Child Care Is a Budget Buster: Take Advantage of These Tax Breaks

The U.S. Department of Health and Human Services considers child-care costs to be affordable when they are at or below 7% of annual household income — but many families face costs that are far above that threshold. In fact, about half of families surveyed by reported spending 20% or more of their household income on child care in 2021, while 72% of families spent at least 10%.1

The typical fees charged for child care vary widely by state, as do other living costs. But in all regions, the average annual cost of center-based care for two children exceeds the average amount of money families spend on food and transportation combined, and in most areas of the country, it is more expensive than housing.2

The following tax benefits can help parents offset some of the costs paid for a nanny, babysitter, day care, preschool, or day camp, but only if the services are used so the parents can work.

Child-Care Tax Credit

Families with one qualifying child (typically age 12 or younger) can claim up to $3,000 per year in child-care expenses; those with two or more qualifying children have a $6,000 annual limit.

The nonrefundable credit is worth 20% to 35% of eligible child-care expenses, depending on income. As income rises, the credit amount drops until it hits a minimum of 20% for households with $43,000 or more in adjusted gross income. For example, families with one qualifying child can receive a credit of $600 to $1,050; those with two or more children can receive a credit of $1,200 to $2,100. A tax credit lowers a family’s tax liability dollar for dollar.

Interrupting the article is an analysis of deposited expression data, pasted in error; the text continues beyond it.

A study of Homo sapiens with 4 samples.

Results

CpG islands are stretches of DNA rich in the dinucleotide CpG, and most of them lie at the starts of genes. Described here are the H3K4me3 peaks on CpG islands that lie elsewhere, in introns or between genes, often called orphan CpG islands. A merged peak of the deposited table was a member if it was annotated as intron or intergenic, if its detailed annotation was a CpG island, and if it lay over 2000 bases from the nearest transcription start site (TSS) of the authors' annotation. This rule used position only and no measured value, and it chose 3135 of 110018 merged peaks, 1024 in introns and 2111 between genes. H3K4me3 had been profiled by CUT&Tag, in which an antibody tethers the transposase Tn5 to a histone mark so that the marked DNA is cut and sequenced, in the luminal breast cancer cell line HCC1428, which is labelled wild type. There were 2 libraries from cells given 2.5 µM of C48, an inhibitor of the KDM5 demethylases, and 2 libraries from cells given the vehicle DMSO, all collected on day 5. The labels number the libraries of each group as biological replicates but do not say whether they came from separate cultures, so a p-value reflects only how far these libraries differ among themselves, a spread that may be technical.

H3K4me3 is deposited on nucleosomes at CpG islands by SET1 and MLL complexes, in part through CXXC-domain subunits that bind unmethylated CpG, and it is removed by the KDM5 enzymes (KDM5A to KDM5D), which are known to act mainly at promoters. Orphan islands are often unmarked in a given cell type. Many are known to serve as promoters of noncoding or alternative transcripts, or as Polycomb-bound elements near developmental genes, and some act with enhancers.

Dependent-Care Flexible Spending Account

Higher-income families may realize a bigger tax benefit from a dependent-care flexible spending account (FSA) if one is offered by an employer, because up to $5,000 a year (per family) can be set aside on a pre-tax basis through regular payroll deductions. FSA distributions are free of federal income tax if the money in the account is used for eligible child-care costs for qualifying children. (Dependent-care FSA funds can also be used to cover care for children over age 13 with special needs and elderly parents or relatives that are claimed as dependents.)

Child-Care Affordability Is All Over the Map

The annual price of center-based care as a percentage of median income, by state

Annual price of center-based care as a percentage of median income, by state: Alabama, Alaska, Arkansas, Georgia, Idaho, Kentucky, Louisiana, Mississippi, North Dakota, Ohio, and South Dakota pay less than 11%. Connecticut, Delaware, the District of Columbia, Florida, Iowa, Indiana, Maine, Missouri, Montana, New Hampshire, New Jersey, North Carolina, Pennsylvania, Rhode Island, South Carolina, Tennessee, Texas, Utah, Virginia, West Virginia, Wisconsin, and Wyoming pay 11% to 13%. Arizona, California, Colorado, Hawaii, Illinois, Kansas, Maryland, Massachusetts, Michigan, Minnesota, Nebraska, Nevada, New Mexico, New York, Oklahoma, Oregon, Vermont, and Washington pay over 13%.

Source: Child Care Aware® of America, 2022 (data for 2021; CO data for 2020)

Employees with access to an FSA as a workplace benefit generally have an opportunity to enroll in an account and elect contribution amounts during their annual open enrollment period. FSA funds that are not spent by the end of the calendar year could be lost, so it’s important to consider carefully — and at times reconsider — how much to put into the account. FSA owners are typically permitted to adjust their contributions when they experience certain events, such as a change in marital or employment status, a change in the number or eligibility of dependents, or a change in care provider or the rates charged for care.

Taxpayers are not allowed to use pre-tax money from an FSA and take a credit for the same expenses. However, after spending $5,000 from an FSA, families with more than one qualifying dependent could take a tax credit for up to $1,000 in additional care expenses.